In a week marred once again by a horrendous mass shooting, I have been contemplating the work I do to help women change the power paradigm that has long shaped our culture’s narrative. I ask them to shift their thinking from oppressive, often violent, scarcity-based “power over” to expansive, innovative, abundant “power TO.” Every time I do this, I see women’s faces relax and the mental lightbulbs go on.
For we have known and often borne the brunt of the worst aspects of power over us, from being collateral damage in wars we didn’t start to the harassment and abuse that today’s #metoo and Time’s Up movements aim to eradicate.
I spent last weekend in Los Angeles, launching our 50 Women Can Change the World — Media and Entertainment along with Leadership Ambassadors Tabby Biddle and Elisa Henderson Parker. Once again, I had the opportunity to see how important it is for women to make that simple definitional change in order to embrace their power fully, with intention, confidence, and joy.
That room was filled with exceedingly powerful women, for they possess the matchless power of storytelling. The media and entertainment industry tells the stories that shape how we think about ourselves, how we define ourselves, and how we see the world.
The juxtaposition of those talented women, passionate about telling stories intentionally aimed at making the world better by advancing gender equality, with the brutal shootings across the country just a few days later shows exactly why shifting how we think about power is more important than ever.
This perspective is not new. Nor is it necessarily owned by one gender.
This outtake of John F Kennedy’s eulogy for poet Robert Frost — which was scribbled out of the speech in Kennedy’s own hand — is as good a description of PowerTO as I have seen:
We take great comfort in our nuclear stockpiles, our gross national product, our scientific and technological achievement, our industrial might — and, up to a point, we are right to do so. But physical power by itself solves no problems and secures no victories. What counts is the way power is used — whether with swagger and contempt or with prudence, discipline, and magnanimity. What counts is the purpose for which power is used — whether for aggrandizement or for liberation. “It is excellent,” Shakespeare said, “to have a giant’s strength; but it is tyrannous to use it like a giant.”
Yet women by and large have a particular stake in changing how power is perceived and used. This “power TO” story from a marvelous book by Tina Packer (founder of Shakespeare and Co theater company) and John Q Whitney, called Power Plays: Shakespeare’s Lessons in Leadership and Management, says it like this — even using my “Power Tool” language:
POWER IS A TOOL When we understand that power is a tool-and can be used as a tool for good-we begin to unlock its potential…Tina, unlike Macbeth or Richard, did not want power only for the sake of having it.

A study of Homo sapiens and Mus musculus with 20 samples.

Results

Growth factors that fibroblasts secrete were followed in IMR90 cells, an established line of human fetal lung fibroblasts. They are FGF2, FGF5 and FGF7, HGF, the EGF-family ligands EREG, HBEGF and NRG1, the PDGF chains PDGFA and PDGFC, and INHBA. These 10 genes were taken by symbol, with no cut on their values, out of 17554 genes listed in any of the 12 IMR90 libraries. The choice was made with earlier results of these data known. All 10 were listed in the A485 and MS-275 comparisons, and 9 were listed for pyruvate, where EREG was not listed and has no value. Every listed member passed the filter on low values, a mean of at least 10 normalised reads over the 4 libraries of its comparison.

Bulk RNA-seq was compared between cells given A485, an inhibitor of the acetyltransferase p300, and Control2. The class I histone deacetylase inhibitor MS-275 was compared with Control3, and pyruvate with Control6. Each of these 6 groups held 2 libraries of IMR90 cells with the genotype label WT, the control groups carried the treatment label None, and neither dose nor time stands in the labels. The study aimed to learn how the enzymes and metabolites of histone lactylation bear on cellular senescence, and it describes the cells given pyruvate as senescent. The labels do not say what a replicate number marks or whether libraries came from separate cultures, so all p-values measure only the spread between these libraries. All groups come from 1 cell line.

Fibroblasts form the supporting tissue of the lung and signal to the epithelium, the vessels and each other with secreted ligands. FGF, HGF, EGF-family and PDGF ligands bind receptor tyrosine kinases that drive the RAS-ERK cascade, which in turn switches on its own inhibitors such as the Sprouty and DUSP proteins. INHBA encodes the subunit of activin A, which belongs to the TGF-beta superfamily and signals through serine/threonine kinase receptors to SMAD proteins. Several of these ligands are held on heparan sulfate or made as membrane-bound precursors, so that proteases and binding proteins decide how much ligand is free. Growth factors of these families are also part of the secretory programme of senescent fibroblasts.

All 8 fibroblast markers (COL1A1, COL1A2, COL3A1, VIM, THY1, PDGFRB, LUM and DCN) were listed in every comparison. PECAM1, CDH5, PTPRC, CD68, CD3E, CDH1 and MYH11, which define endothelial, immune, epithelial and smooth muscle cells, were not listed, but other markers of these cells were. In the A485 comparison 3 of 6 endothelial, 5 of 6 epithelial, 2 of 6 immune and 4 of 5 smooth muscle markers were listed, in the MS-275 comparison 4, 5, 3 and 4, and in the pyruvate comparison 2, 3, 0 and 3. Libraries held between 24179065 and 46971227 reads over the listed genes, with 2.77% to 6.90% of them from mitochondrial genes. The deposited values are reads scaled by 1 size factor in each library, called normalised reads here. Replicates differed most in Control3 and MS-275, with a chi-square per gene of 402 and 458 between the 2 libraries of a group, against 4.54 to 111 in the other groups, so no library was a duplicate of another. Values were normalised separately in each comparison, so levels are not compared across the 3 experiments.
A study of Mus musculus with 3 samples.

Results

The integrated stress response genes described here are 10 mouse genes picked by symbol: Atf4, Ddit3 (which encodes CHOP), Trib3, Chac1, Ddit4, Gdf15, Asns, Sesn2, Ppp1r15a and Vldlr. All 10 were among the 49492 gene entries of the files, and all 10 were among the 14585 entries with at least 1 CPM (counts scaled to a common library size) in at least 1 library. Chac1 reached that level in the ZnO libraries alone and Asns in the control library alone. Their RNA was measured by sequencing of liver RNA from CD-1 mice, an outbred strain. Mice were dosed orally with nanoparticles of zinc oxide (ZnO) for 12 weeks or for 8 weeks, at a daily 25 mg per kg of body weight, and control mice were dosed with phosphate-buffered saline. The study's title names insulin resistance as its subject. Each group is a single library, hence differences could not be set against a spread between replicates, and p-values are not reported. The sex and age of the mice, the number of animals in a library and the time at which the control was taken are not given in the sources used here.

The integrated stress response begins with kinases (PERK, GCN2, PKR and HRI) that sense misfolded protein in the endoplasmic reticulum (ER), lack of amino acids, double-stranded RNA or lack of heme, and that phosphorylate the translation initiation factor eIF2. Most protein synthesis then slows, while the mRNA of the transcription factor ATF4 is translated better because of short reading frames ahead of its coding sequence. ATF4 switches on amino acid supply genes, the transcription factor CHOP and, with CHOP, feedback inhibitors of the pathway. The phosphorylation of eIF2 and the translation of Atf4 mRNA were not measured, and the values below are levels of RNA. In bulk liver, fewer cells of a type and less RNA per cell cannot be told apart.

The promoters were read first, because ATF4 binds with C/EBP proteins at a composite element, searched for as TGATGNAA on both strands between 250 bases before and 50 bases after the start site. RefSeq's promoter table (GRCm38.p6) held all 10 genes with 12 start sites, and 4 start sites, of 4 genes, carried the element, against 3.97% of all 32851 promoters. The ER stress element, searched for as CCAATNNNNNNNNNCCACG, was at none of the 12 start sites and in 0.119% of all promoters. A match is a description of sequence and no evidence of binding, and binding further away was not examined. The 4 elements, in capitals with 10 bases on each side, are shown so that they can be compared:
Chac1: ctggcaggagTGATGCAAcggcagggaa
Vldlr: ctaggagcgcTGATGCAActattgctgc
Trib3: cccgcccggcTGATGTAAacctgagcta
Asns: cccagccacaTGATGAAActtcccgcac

Let her explain: “I wanted power because I couldn’t bear not having a voice. As a mere actor in the theater world, you have no voice…I had to step out and start saying what I thought I thought; otherwise I would remain voiceless. I had to start making my own mistakes in order to define who I was. If I can generalize for a moment, I think that’s true for a lot of women. Often we feel that we’re powerless, at least in the ways that the world currently defines power. One of the joys I look forward to is the ways in which women can influence the way power is manifested. I wanted to articulate what I thought would make a great theater company, and I wanted to run it in a way that would include everyone’s creativity.”
So Tina, a born critic of the powerful, realized the only way she could find out whether she could do a better job than the people she was working for was not to sit on the sidelines and criticize but to try to get her own vision working. And that meant leading and being willing to step out and create a different kind of theater. And she found that she could do it. She didn’t want power for power’s sake. But she did want to get something done. She was, if you will, called to power.
Called to power.
We are all called to power. And how we use it is the ultimate question. Making those choices is the most human of characteristics. Choosing is inevitable, but the direction of choices is not. Women can choose to be at the forefront of changing the power paradigm not just for ourselves as individuals but for society. Women have after all been at the forefront of almost every major social movement for social justice in our nation’s history, even when men have held the most visible roles. Most recent examples include the Women’s March, Black Lives Matter, #metoo, and Time’s UP. And nonviolent “power TO” movements have been shown to be more effective than violent ones.
“When I dare to be powerful — to use my strength in the service of my vision, then it becomes less and less important whether I am afraid.” — Audre Lorde
It is up to the women once again to lead the way toward a healthier, saner society now. Let us choose not to wring our hands about the latest atrocities but to use our power TO make our children and our world safer. How will you use yours now, in this moment?